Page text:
The One Thing Alexander Ludwig Regrets About Playing Bjorn On Vikings

Acting is a notoriously fickle business. There are those actors who want to branch out into music, or direct, or return to their roots in live theater. Or aspire to film, rising above the more pedestrian work to be found on television. (Commercials? Ew.) And some actors are quite content to find a role and stick with it as long as the public will have them — Mariska Hargitay has been in the cast of Law and Order: Special Victims Unit since 1999, and at this writing, is still going. Soap opera stars are famously committed for the long haul, seeing how Kate Linder has been on The Young and the Restless since 1987.

Every so often, though, you hear about an actor who feels sort of trapped by success, especially TV success. Pierce Brosnan was stuck doing Remington Steele on TV when James Bond came calling (he got the role, eventually, when the series was canceled). Tom Selleck was up for Indiana Jones, but couldn't get out of Magnum P.I. 

Perhaps most recently, this occurred with 28-year-old Canadian actor Alexander Ludwig, playing Bjorn Ironside, one of the prime supporting characters on the History Channel's scripted series Vikings.

Did "Vikings" lock him out of some opportunities?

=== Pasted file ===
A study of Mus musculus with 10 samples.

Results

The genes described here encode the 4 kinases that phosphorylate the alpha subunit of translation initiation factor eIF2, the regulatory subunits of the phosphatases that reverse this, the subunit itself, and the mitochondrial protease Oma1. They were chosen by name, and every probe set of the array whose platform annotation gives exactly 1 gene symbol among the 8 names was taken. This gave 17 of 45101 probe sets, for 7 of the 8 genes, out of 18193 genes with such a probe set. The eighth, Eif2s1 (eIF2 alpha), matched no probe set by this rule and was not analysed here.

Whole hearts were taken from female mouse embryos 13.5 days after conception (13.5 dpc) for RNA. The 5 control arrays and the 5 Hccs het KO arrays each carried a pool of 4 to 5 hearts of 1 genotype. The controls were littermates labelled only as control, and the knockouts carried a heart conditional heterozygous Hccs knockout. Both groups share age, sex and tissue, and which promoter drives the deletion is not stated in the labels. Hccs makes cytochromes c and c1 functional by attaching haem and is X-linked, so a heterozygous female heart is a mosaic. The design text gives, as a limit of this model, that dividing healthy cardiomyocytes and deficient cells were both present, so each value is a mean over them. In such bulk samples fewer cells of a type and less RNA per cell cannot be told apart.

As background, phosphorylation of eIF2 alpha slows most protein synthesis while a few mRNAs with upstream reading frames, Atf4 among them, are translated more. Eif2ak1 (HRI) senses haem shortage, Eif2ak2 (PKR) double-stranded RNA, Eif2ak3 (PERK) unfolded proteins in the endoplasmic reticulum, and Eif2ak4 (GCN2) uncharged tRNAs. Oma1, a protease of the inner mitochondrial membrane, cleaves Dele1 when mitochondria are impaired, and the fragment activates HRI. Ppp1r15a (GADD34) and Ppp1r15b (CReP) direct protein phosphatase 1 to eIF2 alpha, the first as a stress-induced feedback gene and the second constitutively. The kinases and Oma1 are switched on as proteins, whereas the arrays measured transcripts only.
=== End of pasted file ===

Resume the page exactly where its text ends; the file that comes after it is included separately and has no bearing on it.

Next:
The show debuted back in 2013, a mix of history and folklore, as Ancient History Encyclopedia describes it. Ludwig joined the cast in the second season, and took over as the star of the show upon the death of his character's father. The actor is just as large as you'd expect him to be — 6'2", according to The Hollywood Reporter — and with, perhaps, ambitions to match.

When he signed on for a show about Vikings, he was expecting a cable drama series of maybe 10 episodes a year, with plenty of time off to pursue other projects. The success of the show meant more episodes produced per year, and as he told THR, it "meant that I was completely plucked out of any other opportunities."

Ludwig is candid about his personal battles with anxiety, depression, and addiction, as related by the Fix. He's done a stint in rehab, and speaks very positively of the experience. "A lot of people live in toxic shame. There's no shame in getting help for things that you need," he said. He's deeply grateful for the opportunities he's had through Vikings, as it helped him land an important part in the recent Will Smith/Martin Lawrence sequel Bad Boys for Life. Overall, he has few other regrets for the time spent on Vikings.